05 Jan 2022
Silicon Valley photonics firm and Chinese partner say volume shipments of VCSEL-based sensors will begin this year.
Photonics giant Lumentum has announced a partnership with Shanghai-headquartered lidar company Hesai Technology that will see VCSEL-based sensors for automotive applications ramp to volume production this year.
The two firms have collaborated on Hesai’s “AT128” hybrid solid-state lidar units, which are based around Lumentum’s 905 nm vertical emitter arrays and will be aimed at advanced driver assistance systems (ADAS).
Hesai claims that the AT128 sensors have a range of 200 meters, for objects with a reflectivity of 10 per cent, from a package not much larger than a smart phone that consumes only 17 W.
“Lidar sensors are an essential part of autonomous vehicles,” stated Lumentum and Hesai in a joint release. “However, conventional lidar approaches have been challenged by high costs and poor manufacturability. Incorporating VCSEL array light sources can significantly improve lidar cost competitiveness and scalability.”
Volume production plans
Hesai’s new manufacturing center for automotive production is slated to commence operations this year, with a planned capacity of over 1 million units. High-volume shipments of the AT128 for existing design-wins are expected to begin before the end of the year.
Until now, Lumentum’s VCSEL array products have been most widely deployed in consumer electronics, in particular Apple’s iPhones, for facial recognition and other short-range applications.
However, at last year’s virtual SPIE Photonics West event the company revealed new five- and six-junction emitter arrays capable of deploying much higher optical power - and therefore a much greater sensing range.
Lumentum said that optical powers exceeding 2 W per individual VCSEL emitter had delivered more than 800 W of peak power from just a one-square-millimeter array.
“The peak optical power, low thermal dissipation, and small die size of these new multi-junction VCSELs arrays are important to extending their use to high-performance, all-solid-state, medium- and long-range lidar,” stated the firm.
Cost and manufacturability challenge
Hesai’s CEO David Li, who says he regards Lumentum as the global leader in VCSELs for consumer electronics, added in the joint release:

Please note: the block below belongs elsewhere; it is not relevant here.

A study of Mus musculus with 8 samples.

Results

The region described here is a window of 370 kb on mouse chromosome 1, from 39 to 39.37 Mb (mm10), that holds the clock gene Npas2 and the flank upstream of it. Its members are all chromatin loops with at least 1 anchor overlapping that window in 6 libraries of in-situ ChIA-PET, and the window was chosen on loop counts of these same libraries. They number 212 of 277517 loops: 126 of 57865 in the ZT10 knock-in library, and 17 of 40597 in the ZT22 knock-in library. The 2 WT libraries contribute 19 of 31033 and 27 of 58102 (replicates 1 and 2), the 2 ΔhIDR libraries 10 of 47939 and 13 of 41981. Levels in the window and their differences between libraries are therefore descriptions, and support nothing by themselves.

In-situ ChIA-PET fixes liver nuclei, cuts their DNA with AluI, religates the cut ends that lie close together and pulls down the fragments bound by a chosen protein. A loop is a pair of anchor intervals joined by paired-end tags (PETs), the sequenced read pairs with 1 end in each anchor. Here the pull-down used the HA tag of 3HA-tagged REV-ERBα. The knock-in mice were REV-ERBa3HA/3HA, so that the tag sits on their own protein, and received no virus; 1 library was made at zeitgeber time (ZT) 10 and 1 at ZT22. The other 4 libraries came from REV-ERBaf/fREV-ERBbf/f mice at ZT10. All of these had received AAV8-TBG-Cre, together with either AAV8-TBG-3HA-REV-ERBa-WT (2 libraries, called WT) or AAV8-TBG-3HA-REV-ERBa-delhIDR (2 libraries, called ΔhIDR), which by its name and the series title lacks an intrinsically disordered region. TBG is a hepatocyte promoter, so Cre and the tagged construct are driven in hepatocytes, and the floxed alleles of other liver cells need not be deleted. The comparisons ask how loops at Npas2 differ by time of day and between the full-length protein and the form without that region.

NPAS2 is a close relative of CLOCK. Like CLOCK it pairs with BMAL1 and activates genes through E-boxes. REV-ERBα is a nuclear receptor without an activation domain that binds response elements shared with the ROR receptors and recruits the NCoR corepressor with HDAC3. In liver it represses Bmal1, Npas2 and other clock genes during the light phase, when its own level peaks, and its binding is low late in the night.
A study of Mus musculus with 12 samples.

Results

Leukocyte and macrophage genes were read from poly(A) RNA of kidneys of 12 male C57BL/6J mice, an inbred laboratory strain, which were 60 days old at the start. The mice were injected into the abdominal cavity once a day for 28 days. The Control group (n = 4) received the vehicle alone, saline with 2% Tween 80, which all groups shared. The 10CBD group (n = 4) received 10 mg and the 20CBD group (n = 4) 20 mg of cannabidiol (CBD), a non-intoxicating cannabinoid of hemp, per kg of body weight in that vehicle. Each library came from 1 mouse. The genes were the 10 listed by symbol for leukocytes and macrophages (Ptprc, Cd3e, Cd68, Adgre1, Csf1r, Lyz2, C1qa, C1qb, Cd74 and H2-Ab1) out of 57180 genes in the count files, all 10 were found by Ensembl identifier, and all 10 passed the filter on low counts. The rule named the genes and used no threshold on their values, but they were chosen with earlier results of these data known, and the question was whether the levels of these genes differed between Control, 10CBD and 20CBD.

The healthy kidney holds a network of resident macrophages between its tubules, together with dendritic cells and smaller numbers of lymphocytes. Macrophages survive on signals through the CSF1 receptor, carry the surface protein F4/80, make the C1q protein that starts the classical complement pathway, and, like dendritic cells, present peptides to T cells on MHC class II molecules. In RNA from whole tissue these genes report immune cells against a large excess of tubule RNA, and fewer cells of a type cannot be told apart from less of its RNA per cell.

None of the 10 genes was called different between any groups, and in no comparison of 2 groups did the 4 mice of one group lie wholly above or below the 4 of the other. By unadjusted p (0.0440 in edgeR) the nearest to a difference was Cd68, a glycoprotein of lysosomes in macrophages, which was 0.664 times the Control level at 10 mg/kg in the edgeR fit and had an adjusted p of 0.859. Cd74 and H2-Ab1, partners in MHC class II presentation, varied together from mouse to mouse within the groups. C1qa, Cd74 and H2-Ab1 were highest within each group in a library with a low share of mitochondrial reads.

“As the automotive industry transitions from the testing phase for autonomous vehicles to mass volume production phase for ADAS applications, cost and manufacturability are the biggest challenges the industry faces.
“We are pleased to be collaborating with Lumentum on our hybrid solid-state lidar AT128 for ADAS applications, which contains an all-VCSEL-based design to achieve high-affordability, and automotive grade reliability and consistency requirements.”
Lumentum CEO Alan Lowe added: “We are excited to leverage our leading-edge multi-junction VCSEL array capabilities and manufacturing scale in working with Hesai to help enable innovative, cost-effective, and high-volume lidar solutions.”
• Meanwhile, the Consumer Electronics Show (CES 2022) event in Las Vegas is, as usual, awash with new lidar products - although several companies, including Velodyne, AEye, Aeva, and Cepton, have decided not to attend the event in person because of the spread of the Omicron coronavirus variant.
Announcements so far include the “Falcon” and “Robin” from Innovusion. The Chinese firm, which has an office in Sunnyvale, describes its Falcon sensor as a “robust, image-grade lidar with a long detection range of 500 meters”, while the more compact Robin device is aimed at shorter-range applications.
Like Hesai, Innovusion is aiming to ramp production to volume scale this year, with its Falcon product due to feature on the new “ET7” autonomous vehicle from Chinese electric vehicle maker NIO, due this quarter.
Innovusion’s founder and CEO Junwei Bao said: “After the start of production in 2022, our yearly lidar volume produced with our advanced production line can reach 100,000 units per year, with higher volume possible after a few months of capacity expansion, and will be able to support future demand from global OEMs.”
The Las Vegas event also sees California firm SiLC Technologies formally launch its new “Eyeonic” sensor, which is based on frequency modulated continuous-wave (FMCW) technology, while Quanergy and its partner iCent have revealed a lidar-based electric vehicle charger robot.